When Philly-born bandleader and composer Giuseppi Logan joined the ancestors in April 2020, he left us with a rich legacy of bold and adventurous music. A conservatory-trained musician and multi-reedist — he played alto and tenor saxophone, bass clarinet, flute, piano and oboe, among other instruments — Logan moved to New York in the mid-1960s. At the time, New York was ground zero for the free-jazz/avant-garde revolution and Logan would find a home and fellowship within that community.
During this period he would perform and record with a who’s-who of progressive jazz giants like Cecil Taylor, Roswell Rudd, Don Pullen, Archie Shepp, Bill Dixon and Pharoah Sanders. Logan’s recordings from this period, 1964’s The Giuseppi Logan Quartet and 1966’s More feature some of the most daring compositions and open-earned playing that jazz has ever produced. After vanishing from the music scene in the 70s, Logan remained out of the spotlight for decades until he reemerged in the later part of the 2000s with his skill still firmly intact.
On Sunday, May 13th, a small crowd of music lovers gathered at Solar Myth on South Broad street for a tribute show organized in Logan’s honor. Performing Logan’s old compositions, the quintet of Matt Lavelle on alto clarinet, Darius Jones on saxophone, pianist Dave Burrell, bassist Pete Dennis and drummer Bobby Kapp took to the stage for a set that burned with all of the power and playful experimentation that Logan was known for. The band’s performance of “Dance Of Satan” was particularly strong as Darius Jones’ solo was bursting with fiery lines with power. Lavelle’s solo was equally fresh and potent as he conjured up unimaginable sounds from his instrument. When the ensemble fell in to play the tune’s staccato main melody in unison, the room became full with fury and beauty.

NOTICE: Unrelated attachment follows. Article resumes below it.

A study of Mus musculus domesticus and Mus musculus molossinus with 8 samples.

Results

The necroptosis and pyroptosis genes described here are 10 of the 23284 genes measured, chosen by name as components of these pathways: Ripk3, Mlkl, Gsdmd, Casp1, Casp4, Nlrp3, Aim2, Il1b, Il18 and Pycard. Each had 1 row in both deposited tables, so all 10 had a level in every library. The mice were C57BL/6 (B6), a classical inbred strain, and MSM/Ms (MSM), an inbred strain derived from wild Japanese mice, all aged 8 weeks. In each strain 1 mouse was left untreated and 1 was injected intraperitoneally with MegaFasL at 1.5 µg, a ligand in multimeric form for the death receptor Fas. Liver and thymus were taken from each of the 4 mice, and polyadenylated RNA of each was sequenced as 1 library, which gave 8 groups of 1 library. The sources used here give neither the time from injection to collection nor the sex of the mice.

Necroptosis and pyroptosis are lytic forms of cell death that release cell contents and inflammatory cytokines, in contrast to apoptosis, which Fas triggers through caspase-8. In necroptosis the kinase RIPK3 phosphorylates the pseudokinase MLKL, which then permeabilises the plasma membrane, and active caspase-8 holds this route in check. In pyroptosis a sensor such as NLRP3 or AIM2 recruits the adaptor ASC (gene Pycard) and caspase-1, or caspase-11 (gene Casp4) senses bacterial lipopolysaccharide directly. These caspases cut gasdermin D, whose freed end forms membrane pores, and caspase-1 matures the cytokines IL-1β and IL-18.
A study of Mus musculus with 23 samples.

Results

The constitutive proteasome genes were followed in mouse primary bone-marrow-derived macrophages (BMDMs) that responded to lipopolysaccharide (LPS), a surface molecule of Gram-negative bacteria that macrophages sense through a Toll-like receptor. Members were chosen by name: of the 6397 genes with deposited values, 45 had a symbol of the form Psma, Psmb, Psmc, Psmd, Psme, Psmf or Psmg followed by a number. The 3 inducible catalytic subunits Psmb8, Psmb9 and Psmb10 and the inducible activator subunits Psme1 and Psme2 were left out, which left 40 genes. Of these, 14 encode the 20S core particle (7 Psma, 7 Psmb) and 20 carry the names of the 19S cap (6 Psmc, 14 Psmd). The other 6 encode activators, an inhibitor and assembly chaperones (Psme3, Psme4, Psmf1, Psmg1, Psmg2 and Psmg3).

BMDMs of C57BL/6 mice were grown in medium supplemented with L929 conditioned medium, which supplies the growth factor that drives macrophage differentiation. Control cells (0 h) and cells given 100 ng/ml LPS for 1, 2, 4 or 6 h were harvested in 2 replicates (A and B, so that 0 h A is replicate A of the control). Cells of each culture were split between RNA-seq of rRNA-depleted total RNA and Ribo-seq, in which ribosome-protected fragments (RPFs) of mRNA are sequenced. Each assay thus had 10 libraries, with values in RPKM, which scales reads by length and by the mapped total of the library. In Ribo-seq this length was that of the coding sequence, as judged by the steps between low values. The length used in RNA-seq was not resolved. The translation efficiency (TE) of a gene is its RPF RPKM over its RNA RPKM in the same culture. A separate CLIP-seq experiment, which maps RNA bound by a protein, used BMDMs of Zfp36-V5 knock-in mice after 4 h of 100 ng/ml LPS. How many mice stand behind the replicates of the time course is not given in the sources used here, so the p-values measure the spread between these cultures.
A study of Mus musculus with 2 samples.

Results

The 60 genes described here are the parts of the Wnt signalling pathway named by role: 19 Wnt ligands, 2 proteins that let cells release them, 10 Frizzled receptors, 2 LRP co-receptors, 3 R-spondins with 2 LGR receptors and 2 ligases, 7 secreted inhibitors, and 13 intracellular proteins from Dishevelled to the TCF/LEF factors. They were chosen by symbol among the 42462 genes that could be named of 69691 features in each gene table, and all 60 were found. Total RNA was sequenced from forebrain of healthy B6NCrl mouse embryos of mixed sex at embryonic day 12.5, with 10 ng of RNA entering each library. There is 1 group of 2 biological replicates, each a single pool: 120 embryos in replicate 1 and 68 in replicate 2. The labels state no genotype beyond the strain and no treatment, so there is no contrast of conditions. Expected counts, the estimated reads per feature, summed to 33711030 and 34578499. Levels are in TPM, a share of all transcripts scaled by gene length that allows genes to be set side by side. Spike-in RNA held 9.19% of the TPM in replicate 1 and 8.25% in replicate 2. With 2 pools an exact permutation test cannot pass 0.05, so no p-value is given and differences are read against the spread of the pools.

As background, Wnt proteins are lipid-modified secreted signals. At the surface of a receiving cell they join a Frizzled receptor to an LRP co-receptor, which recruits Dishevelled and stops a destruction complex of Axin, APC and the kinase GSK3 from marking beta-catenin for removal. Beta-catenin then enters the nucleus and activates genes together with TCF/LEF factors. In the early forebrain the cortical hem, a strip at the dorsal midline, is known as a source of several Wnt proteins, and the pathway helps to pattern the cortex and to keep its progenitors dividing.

The next song, “Steppin,” opened with a lonesome piano chord progression while the reeds played a bittersweet melody together sweetly. Burrell delivered a slow entrancing motif with chords as Dennis’ bass picked up the tempo. Kapp’s brushwork worked well here, as his beat seemed to signal and quickly react to what Dennis and Burrell were playing perfectly.
Between tunes, Lavelle and crew took to the mic to address the crowd, sharing their own thoughts about Logan and reading loving messages of respect and adoration written by friends, collaborators and relatives. These messages were beautiful, as they not only called attention to Logan’s stature as a musical innovator, they spoke to his heart, spirit and sensitivity as a man. Music is a powerful vehicle for self-expression. We literally use our hands, feet, mouths and breath to articulate the truth that lives inside us. Despite this, the music is still just a vehicle and it is the human spirit that music gives voice to is the priority. The memories, stories and appreciation shared in Giuseppi Logan’s honor on Sunday night were a reminder of his true power and legacy.